Following two consecutive months of disappointment, the October employment report far exceeded expectations, adding 271,000 for the period. With the big addition, the unemployment rate fell to 5.0% and could fall below that measure as early as next month. Reflecting the tightening of the labor force, average hourly earnings rose 2.5% year-over-year, which has accelerated from the 2.0% year-over-year growth witnessed in the first half of this year.
With the blockbuster October jobs report, we believe the FOMC has all the ammunition they need to finally lift emergency monetary policy for the first time in seven years. However, we’re reluctant to say that a Fed rate hike in December is a lock. Chair Yellen has done the “bait and switch” on too many occasions for us to say that it’s a certainty. Also, the December committee meeting concludes on the 16th of the month, which is likely to pose a problem. By that time, trading desks have virtually closed their books for the year, with liquidity thin and trading sporadic. Nevertheless, the strength in the employment report is likely to force them to move on or before that meeting or risk further erosion of their credibility. One option would be to schedule an interim meeting and a follow-up news conference prior to the December meeting. Of course, once such an event was announced, the markets would immediately interpret the move as a rate hike and react accordingly. That outcome would probably not be palatable to the committee, but we think that keeping investors guessing until markets reach the nadir of illiquidity would be even less palatable.
Ironically, before Friday, investors had been debating whether the August into September stock market swoon and the slowdown in manufacturing were precursors to a recession or simply a mid cycle slowdown. Contributing to the worry, Minnesota Federal Reserve President Kocherlakota, in September, advocated that the Fed Funds target should be lowered -0.25%. While we took note of the slowdown, we weren’t convinced that it was anything more than coincidental. Anecdotal evidence of that could be found in the ongoing pace of automobile and home sales. New Cars sold at an 18.12 million annual rate in October, eclipsing the 18.07 million annual rate registered in September. Typically an annual sales rate of 16.5 million vehicles is considered strong. Similarly, the housing market continues to surprise to the upside with the home builder’s index, building permits, and housing starts all registering impressive gains. New home sales are an especially potent driver of economic activity, as increased building pulls workers into the workforce. Moreover, the material, equipment and supply purchases creates a virtuous cycle of demand. The virtuous cycle is perpetuated as the new occupants purchase household goods, including furniture, carpeting, drapes, appliances and all the various items that go into turning a house into a home.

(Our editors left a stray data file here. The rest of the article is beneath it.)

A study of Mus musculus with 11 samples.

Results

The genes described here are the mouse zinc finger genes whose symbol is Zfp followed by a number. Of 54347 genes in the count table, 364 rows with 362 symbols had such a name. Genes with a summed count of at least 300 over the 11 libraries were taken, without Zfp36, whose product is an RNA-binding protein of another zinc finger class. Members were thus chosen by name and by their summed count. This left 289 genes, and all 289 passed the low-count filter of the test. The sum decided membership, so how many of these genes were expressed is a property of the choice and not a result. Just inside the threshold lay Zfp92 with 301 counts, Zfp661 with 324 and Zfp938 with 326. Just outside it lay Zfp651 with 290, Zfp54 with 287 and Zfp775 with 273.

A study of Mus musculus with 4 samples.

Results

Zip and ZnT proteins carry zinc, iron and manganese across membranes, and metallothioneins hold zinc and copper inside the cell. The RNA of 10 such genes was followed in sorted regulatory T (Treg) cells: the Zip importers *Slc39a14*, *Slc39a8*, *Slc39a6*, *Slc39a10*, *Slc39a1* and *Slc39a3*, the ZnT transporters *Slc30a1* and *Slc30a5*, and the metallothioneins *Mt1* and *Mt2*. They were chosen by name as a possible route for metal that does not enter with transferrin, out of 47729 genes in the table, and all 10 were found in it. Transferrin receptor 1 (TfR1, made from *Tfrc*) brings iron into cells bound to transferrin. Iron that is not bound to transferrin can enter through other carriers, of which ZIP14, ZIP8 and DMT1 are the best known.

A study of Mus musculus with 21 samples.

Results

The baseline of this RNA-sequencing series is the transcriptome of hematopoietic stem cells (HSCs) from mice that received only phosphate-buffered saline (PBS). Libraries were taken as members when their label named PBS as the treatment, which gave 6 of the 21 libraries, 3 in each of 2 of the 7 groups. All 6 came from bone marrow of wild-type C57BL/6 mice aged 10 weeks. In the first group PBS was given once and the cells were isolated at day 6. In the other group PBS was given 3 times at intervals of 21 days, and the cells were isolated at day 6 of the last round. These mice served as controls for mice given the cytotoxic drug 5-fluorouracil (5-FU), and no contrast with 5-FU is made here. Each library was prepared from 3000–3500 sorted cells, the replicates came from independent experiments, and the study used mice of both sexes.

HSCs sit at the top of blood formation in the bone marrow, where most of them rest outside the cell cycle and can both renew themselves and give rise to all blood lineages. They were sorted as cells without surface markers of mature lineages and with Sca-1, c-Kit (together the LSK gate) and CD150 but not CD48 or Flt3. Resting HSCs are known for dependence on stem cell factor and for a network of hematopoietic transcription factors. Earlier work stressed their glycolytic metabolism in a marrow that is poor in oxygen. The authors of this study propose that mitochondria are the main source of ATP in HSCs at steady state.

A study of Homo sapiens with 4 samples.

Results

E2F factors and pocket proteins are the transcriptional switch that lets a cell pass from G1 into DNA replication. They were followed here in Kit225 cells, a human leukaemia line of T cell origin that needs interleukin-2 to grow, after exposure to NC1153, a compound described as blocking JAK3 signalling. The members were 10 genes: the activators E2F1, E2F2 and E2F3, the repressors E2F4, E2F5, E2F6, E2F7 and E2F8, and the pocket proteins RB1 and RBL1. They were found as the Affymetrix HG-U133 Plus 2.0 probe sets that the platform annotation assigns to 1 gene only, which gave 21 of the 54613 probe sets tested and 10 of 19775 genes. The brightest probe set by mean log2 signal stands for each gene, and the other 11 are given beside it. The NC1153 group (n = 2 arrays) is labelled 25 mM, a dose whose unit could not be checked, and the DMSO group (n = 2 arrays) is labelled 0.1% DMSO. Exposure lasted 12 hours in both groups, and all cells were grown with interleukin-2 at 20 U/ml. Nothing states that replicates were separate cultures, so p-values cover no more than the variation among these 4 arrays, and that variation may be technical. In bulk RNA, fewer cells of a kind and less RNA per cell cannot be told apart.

The rebound in economic activity has coincided with a blistering rally in stock prices, as short sellers were forced to cover as prices rose. The S&P 500 rallied 8.3% in October as the short sellers scrambled to cover losing positions. As expected, bond yields rose on the bullish stock market and rebounding economy with the yield-to-maturity of the 2-year note rising to 0.88% from a recent low of 0.60%. Similarly, the yield on the 30-year bond rose to 3.08% from a recent low of 2.74%. Despite the sharp rise in yield, the market-implied level of Fed Funds next October is only 75 basis points. With that, investors are implying that the Fed will only hike rates two times over the course of the next twelve months. If the economy has moved to full employment, as we believe may be the case, the Fed is likely to become a little less patient than they have communicated.